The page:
Riding the community wave

April 1, 2007

Dr. Beckett reaches some 2,500 young people each year with the message about sun safety.

"I started mowing lawns and doing all sorts of jobs to get enough money to buy my first surfboard," he recalls.

The 60-year-old is still surfing. But today, he is known as the surfing dermatologist and an educator in the community. Dr. Beckett, who has practiced for 28 years in Santa Cruz, Calif., and provided decades of volunteer teaching at Stanford University, says teaching kids and adults about sun safety while promoting the surfing lifestyle is his way of giving back.

His volunteer teaching goes back more than 20 years, to when his children were involved in the local junior life-guard program.

"It is a great program, teaching safety and skills related to the ocean," Dr. Beckett says. "I was watching the kids on the beach one day, noticing that they were getting a lot of unprotected sun exposure, and the lifeguard instructors were not putting much emphasis on sun safety."

Dr. Beckett approached the program's head lifeguard about teaching the kids about the effects of UV damage and how to practice sun safety. The lifeguard embraced the idea and invited Dr. Beckett to join the program.

"I started with my children's' local program, giving talks about how to be safe in the sun while at the beach and in the ocean," he says. "I would give a presentation to each group, and there are usually two groups each summer. That program has blossomed to the point that there are six separate junior lifeguard programs in Santa Cruz County that I give talks to every summer. I also give smaller annual presentations to the city, county and state lifeguard units."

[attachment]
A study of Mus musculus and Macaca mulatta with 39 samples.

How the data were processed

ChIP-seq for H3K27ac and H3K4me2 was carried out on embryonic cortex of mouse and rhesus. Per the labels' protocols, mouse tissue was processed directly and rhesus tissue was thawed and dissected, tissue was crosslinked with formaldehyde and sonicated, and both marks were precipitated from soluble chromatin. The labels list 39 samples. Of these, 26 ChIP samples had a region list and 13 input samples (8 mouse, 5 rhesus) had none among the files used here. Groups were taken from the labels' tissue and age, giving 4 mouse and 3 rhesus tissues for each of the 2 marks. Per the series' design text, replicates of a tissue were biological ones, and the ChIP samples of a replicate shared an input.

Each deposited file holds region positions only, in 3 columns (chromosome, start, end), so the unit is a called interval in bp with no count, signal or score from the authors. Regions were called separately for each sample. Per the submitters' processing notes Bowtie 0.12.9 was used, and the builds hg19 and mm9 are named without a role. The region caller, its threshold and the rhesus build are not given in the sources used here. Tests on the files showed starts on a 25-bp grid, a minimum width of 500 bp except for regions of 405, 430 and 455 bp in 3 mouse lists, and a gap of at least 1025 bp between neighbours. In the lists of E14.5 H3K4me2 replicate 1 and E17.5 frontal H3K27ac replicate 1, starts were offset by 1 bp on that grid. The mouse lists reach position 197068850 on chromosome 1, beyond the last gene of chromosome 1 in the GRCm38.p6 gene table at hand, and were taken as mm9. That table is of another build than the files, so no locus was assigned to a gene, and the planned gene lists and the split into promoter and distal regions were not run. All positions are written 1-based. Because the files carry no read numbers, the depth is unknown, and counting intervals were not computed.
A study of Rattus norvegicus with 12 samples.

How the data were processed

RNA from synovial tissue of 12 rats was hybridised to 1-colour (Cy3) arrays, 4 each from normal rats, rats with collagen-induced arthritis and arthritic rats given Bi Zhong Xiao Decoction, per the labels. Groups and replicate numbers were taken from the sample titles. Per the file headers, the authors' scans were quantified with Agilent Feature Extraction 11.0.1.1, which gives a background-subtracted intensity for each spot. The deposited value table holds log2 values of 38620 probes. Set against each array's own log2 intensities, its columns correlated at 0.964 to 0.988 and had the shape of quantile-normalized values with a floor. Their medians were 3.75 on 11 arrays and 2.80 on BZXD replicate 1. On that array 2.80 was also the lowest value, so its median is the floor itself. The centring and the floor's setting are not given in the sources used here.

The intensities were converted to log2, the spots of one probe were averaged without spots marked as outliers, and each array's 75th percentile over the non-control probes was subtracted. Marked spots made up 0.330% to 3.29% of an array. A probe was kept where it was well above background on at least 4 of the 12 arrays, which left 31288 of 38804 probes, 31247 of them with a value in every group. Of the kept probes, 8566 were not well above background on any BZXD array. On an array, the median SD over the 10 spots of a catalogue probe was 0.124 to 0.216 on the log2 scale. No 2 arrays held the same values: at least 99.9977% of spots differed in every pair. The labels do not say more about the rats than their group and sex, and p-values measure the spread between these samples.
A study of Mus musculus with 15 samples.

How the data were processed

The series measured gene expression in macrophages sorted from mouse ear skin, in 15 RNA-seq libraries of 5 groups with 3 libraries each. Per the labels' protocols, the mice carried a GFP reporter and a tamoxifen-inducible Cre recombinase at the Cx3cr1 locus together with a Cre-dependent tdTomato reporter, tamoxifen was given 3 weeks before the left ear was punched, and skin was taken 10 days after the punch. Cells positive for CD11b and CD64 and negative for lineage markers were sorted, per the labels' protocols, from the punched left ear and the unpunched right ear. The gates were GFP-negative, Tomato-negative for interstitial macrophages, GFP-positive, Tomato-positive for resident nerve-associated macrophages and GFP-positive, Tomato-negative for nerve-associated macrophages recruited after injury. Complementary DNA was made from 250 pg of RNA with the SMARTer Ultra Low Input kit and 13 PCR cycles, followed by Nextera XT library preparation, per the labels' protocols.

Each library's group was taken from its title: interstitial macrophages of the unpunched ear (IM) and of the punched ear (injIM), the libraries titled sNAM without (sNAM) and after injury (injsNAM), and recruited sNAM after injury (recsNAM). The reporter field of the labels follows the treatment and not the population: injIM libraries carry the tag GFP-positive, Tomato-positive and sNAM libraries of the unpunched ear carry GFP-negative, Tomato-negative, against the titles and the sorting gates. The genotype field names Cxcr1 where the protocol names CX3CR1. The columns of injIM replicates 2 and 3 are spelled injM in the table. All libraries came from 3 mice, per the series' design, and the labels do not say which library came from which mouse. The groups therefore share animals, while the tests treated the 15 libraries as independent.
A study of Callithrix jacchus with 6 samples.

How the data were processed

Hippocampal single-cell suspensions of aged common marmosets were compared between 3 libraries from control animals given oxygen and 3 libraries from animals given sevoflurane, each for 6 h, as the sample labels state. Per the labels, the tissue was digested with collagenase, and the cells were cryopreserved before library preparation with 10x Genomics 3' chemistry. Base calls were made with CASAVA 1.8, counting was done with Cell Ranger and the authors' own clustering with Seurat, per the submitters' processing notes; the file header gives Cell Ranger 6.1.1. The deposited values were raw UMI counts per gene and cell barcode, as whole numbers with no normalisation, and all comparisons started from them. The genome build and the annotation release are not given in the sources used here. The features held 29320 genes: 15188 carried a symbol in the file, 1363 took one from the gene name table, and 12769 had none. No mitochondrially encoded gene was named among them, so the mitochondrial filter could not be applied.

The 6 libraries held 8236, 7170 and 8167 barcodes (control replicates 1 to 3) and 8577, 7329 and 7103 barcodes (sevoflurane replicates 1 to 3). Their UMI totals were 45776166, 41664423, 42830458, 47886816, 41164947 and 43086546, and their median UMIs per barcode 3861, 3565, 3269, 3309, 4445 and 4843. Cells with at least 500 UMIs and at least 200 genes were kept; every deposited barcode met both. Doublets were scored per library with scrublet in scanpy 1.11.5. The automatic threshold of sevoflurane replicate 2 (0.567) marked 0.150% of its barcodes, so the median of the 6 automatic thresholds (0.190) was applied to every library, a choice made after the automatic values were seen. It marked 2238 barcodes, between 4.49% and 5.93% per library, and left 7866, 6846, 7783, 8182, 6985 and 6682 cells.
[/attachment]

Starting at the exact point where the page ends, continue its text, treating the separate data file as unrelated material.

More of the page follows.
Dr. Beckett reaches some 2,500 young people each year with the message about sun safety.

The parent noted that because Dr. Beckett is a dermatologist and a surfer, the kids listen, and the parents no longer have to hound them about sun safety.

Dr. Beckett has also received his fair share of feedback from the youth.

"I was out surfing one day and paddled by a kid who noticed me and said, 'Hey! Dr. Beckett. I got my sunscreen on!' "

From small start to big screen

With funding from the Santa Cruz Medical Foundation, Dr. Beckett and colleagues produced a DVD called "Sun Safety: The Skin Never Forgets."

The 15-minute film features him surfing and teaching. Public television and school districts in the area have since used the video as a teaching tool, and the California State Lifeguard Association is using it as one of its educational tools for personnel.

For more than a decade, Dr. Beckett and other dermatologists in the community have used the American Academy of Dermatology skin cancer screening format to offer free screenings at surf contests and at the O'Neill Surf Shop in Santa Cruz.